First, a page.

Below you will see five illustrations of a cross section of a tooth, the outer gingival or gum tissue, the inner connective tissue that supports the tooth and a depiction of a graduated probe being inserted into the crevice or periodontal ‘pocket.’ The probe measures the pocket depth, giving the hygienist an idea of the severity of the decayed area. The redder color of the gum tissue at the neck of the tooth indicates inflammation, which increases with the severity of the condition. Notice how connective tissue is being destroyed during the progression. Periodontal disease is a separate issue from caries or ‘tooth decay’ and caused by the infection of different pathogens, although lack of proper and thorough oral hygiene will promote the disease process in either case – and one can certainly exist without the other. For this reason, many may feel that, because they are not or no longer developing cavities, their oral health is not at risk. However, studies show that between 75% and 95% of all adults are suffering some stage of periodontal disease.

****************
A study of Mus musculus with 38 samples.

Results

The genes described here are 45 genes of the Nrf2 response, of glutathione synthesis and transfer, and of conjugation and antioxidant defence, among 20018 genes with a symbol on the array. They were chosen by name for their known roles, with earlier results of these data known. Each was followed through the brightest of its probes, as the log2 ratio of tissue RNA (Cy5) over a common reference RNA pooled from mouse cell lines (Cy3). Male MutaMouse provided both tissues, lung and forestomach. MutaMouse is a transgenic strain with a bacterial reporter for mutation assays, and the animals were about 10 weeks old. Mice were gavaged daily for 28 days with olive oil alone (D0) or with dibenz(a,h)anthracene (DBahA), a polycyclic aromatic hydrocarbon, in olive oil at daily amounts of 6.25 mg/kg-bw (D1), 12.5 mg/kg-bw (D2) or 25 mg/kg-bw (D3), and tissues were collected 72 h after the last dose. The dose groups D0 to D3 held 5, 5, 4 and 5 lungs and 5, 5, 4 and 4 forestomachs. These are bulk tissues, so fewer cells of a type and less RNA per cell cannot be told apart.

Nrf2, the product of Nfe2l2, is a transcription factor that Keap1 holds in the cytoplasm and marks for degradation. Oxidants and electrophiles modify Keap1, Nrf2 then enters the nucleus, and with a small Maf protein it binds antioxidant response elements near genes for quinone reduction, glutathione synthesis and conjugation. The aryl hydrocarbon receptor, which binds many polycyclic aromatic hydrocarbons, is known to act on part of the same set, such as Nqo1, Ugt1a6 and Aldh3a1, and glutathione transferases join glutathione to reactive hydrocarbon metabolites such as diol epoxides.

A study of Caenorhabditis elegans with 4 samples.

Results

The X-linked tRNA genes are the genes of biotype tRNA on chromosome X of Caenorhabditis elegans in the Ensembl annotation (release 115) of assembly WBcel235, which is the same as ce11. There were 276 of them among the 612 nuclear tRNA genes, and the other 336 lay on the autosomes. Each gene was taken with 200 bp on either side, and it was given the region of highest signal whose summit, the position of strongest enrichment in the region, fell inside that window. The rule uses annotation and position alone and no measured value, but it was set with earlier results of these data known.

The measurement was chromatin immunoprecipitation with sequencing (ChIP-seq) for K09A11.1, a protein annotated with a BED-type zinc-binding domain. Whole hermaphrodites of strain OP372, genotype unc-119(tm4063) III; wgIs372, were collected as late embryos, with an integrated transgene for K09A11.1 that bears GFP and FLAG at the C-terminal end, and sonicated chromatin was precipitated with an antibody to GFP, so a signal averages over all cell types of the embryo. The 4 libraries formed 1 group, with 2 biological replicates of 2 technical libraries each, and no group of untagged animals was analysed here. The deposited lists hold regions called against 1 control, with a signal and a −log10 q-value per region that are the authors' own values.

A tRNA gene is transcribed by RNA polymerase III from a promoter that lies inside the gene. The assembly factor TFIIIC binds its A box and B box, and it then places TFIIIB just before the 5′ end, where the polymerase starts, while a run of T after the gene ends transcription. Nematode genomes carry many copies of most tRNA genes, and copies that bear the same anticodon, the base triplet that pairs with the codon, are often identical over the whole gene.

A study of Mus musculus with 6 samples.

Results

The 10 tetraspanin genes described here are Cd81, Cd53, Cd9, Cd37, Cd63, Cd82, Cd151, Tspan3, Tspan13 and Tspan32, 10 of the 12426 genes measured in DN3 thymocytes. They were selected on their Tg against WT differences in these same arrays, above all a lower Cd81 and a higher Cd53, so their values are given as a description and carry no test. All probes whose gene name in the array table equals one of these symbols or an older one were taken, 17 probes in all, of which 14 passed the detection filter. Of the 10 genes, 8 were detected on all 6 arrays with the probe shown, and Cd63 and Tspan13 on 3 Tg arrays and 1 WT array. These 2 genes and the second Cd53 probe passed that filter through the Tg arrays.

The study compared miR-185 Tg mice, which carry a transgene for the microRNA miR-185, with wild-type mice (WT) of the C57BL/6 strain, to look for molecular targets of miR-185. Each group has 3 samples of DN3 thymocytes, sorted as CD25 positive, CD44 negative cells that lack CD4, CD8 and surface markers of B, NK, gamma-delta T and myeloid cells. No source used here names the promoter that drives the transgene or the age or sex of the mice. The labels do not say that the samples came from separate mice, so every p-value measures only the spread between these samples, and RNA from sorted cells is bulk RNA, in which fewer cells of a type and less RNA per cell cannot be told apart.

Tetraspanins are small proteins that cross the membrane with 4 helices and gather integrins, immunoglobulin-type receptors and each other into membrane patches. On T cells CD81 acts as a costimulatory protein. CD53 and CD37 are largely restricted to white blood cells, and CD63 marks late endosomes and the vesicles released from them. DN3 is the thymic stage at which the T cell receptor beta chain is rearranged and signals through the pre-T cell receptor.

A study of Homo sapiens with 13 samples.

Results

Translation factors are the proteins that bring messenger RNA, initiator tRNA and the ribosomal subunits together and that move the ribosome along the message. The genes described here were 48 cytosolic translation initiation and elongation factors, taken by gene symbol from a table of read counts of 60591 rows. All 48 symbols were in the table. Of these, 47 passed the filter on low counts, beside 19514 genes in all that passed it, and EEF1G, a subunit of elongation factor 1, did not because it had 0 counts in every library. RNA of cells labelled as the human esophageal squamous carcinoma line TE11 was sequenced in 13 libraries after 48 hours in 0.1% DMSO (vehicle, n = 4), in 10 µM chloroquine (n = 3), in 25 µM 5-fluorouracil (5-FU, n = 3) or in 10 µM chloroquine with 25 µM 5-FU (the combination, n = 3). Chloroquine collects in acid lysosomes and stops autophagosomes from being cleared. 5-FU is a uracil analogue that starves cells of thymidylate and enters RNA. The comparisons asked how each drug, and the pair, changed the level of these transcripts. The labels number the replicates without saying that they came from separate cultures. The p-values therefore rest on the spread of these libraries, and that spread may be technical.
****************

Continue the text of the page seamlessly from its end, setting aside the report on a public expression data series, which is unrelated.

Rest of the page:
The purpose of this page is to give you a general guide to compare with your personal condition. Keep in mind that, naturally speaking; we have 32 teeth, so your own inspection and monitoring shouldn’t be some sort of passive activity if you are interested in the health of your mouth and body. It is, however, well worth the effort and time on your part.
Stages of periodontal disease or gum disease
1. Healthy Teeth and Gums
In healthy gums, the gingival or gum tissue is a pink or coral color. The tissue is firm and resilient and there will be minimal, if any, crevice or pocket depth.
At the stage referred to as ‘gingivitis’ the gingival or gum tissue will be inflamed at the neck of the tooth, as opposed to the pinkish color indicated in #1. There will be some pocket depth and gingival bleeding on probing (BOP). There will not be any deterioration of supporting tooth structure.
3. Early Periodontitis
Inflammation of periodontal ligaments and minor loss of attachment or pocket development. No tooth mobility at this stage. No connective tissue loss.
4. Moderate Periodontitis
Moderate loss of attachment and/or moderate to deep pocket formation. 30%-50% loss of bone support and slight tooth mobility.
5. Advance Periodontitis
Advanced breakdown of supporting periodontal tissues. Severe pocket depth or significant gingival recession. Severe loss of attachment. Greater than 50% loss of bone support and considerable tooth mobility.